Tragedy is a literary genre that addresses the sorrowful downfall of the protagonist. Often depicting a 'tragic hero' whose character flaws and/or extreme bad luck bring about their ruin. In recent texts however, writers often portray protagonists as being of social insignificance and removing the tragic flaw to suggest their complete powerlessness in the face of modern challenges. Overall however, most tragedies attempt to highlight questions of existence and the relationship between man and other forces of nature and the universe.
The blind Oedipus commending his children to the Gods - Bénigne Gagneraux 1784
Tragedies were a very popular form of drama for the ancient Greeks. During this time, tragedies involved protagonists who were powerful and influential, with fulfilling lives. During the course of the drama however, the protagonist's life was turned upside down and they often suffered the most extreme sorrow and agony. This fall from happiness to pain, high status to low, is essential to the tragedy genre because it makes the suffering more poignant and distressing.
In addition to this, Tragedy in literature often includes:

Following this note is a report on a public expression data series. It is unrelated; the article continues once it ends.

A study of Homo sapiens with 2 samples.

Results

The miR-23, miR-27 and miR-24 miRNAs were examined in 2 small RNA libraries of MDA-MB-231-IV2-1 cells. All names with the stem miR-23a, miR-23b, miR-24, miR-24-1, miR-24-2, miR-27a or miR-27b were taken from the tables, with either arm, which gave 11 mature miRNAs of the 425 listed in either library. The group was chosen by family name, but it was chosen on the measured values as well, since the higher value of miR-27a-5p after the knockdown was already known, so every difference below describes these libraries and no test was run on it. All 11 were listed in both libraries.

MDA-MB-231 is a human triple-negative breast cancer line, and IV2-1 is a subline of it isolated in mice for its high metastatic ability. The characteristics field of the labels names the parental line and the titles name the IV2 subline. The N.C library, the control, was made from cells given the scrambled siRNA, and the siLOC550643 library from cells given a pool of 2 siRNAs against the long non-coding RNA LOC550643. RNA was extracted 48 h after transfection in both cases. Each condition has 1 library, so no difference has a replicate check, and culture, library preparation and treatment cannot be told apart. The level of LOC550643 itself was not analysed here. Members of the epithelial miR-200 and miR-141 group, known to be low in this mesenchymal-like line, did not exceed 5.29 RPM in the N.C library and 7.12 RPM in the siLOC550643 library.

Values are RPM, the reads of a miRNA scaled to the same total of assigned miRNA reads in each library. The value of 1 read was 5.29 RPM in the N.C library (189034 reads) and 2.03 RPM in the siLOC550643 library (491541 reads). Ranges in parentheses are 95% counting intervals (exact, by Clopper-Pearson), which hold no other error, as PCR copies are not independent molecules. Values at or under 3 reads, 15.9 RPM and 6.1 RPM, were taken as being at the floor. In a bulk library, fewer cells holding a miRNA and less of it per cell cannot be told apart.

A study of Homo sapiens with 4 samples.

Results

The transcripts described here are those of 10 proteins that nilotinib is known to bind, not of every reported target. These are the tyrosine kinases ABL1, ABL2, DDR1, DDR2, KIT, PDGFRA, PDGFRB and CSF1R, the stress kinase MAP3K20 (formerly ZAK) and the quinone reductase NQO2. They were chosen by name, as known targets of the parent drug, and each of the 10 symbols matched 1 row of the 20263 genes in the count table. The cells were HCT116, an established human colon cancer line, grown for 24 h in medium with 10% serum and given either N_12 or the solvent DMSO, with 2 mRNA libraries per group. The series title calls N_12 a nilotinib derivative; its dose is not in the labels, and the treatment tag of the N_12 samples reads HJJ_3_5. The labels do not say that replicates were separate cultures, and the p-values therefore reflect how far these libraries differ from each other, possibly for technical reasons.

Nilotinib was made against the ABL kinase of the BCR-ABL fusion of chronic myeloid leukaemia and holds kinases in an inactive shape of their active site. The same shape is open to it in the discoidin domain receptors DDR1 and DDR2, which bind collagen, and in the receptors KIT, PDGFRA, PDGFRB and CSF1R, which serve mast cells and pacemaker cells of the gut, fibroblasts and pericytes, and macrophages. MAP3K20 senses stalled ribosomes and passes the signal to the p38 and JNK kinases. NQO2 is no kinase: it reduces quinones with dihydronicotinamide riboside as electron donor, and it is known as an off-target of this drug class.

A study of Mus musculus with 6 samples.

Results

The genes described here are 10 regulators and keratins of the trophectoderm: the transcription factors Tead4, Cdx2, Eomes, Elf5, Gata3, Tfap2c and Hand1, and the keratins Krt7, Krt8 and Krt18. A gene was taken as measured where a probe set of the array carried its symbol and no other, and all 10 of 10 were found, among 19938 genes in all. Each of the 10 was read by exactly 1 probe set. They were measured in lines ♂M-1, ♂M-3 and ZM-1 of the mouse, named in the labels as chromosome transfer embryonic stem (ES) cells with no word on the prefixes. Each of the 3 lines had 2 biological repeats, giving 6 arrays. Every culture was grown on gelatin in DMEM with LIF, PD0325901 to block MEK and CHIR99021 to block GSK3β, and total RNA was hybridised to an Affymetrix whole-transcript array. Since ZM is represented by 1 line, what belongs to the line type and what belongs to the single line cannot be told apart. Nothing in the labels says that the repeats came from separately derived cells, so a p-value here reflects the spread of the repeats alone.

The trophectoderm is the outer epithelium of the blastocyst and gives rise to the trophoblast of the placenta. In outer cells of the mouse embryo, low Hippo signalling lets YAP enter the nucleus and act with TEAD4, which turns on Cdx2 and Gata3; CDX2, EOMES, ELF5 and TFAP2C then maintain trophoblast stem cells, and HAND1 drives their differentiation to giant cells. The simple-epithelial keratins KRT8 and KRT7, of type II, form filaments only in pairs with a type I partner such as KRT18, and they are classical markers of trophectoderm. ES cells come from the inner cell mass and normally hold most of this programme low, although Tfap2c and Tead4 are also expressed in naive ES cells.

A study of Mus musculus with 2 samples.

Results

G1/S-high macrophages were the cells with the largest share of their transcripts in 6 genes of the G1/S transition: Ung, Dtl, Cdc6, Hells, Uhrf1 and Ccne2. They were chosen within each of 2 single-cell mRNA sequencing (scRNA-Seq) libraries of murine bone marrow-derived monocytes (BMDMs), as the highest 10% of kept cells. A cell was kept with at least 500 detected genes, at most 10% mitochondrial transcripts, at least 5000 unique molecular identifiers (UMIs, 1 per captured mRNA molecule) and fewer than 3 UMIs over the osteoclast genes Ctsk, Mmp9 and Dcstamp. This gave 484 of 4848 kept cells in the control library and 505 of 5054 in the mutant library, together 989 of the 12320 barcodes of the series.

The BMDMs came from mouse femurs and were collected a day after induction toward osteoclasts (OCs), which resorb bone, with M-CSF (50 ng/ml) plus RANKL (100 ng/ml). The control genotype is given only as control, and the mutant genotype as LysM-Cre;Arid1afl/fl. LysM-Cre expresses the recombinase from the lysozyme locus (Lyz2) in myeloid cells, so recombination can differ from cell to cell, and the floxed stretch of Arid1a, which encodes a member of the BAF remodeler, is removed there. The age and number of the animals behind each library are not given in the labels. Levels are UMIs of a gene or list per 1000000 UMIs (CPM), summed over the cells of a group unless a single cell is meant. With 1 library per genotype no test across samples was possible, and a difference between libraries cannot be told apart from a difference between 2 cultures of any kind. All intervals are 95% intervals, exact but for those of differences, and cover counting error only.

- A tragic flaw of the protagonist's - this weakness is often the reason for their downfall.
- Unhappy ending - often heartbreaking, some tragedies end in death, often in destruction and some in chaos. However, the protagonist almost always accepts responsibility for their actions and mistakes and fights for a larger cause. For the reader, this response leads to catharsis.
- Loss - the protagonist often loses almost everything due to their mistakes and great flaw.
- Catharsis - for the reader, seeing the character lose everything and accept responsibility for their actions, thus retaining their goodness often causes relief in the audience. A renewed hope for humanity.
- Isolation - in later examples, the protagonist is often depicted as becoming estranged from the world around them. For example, in Romeo and Juliet the two main protagonists slowly lose everyone else they were once close to. This isolation leads to the misunderstanding that causes both of their deaths.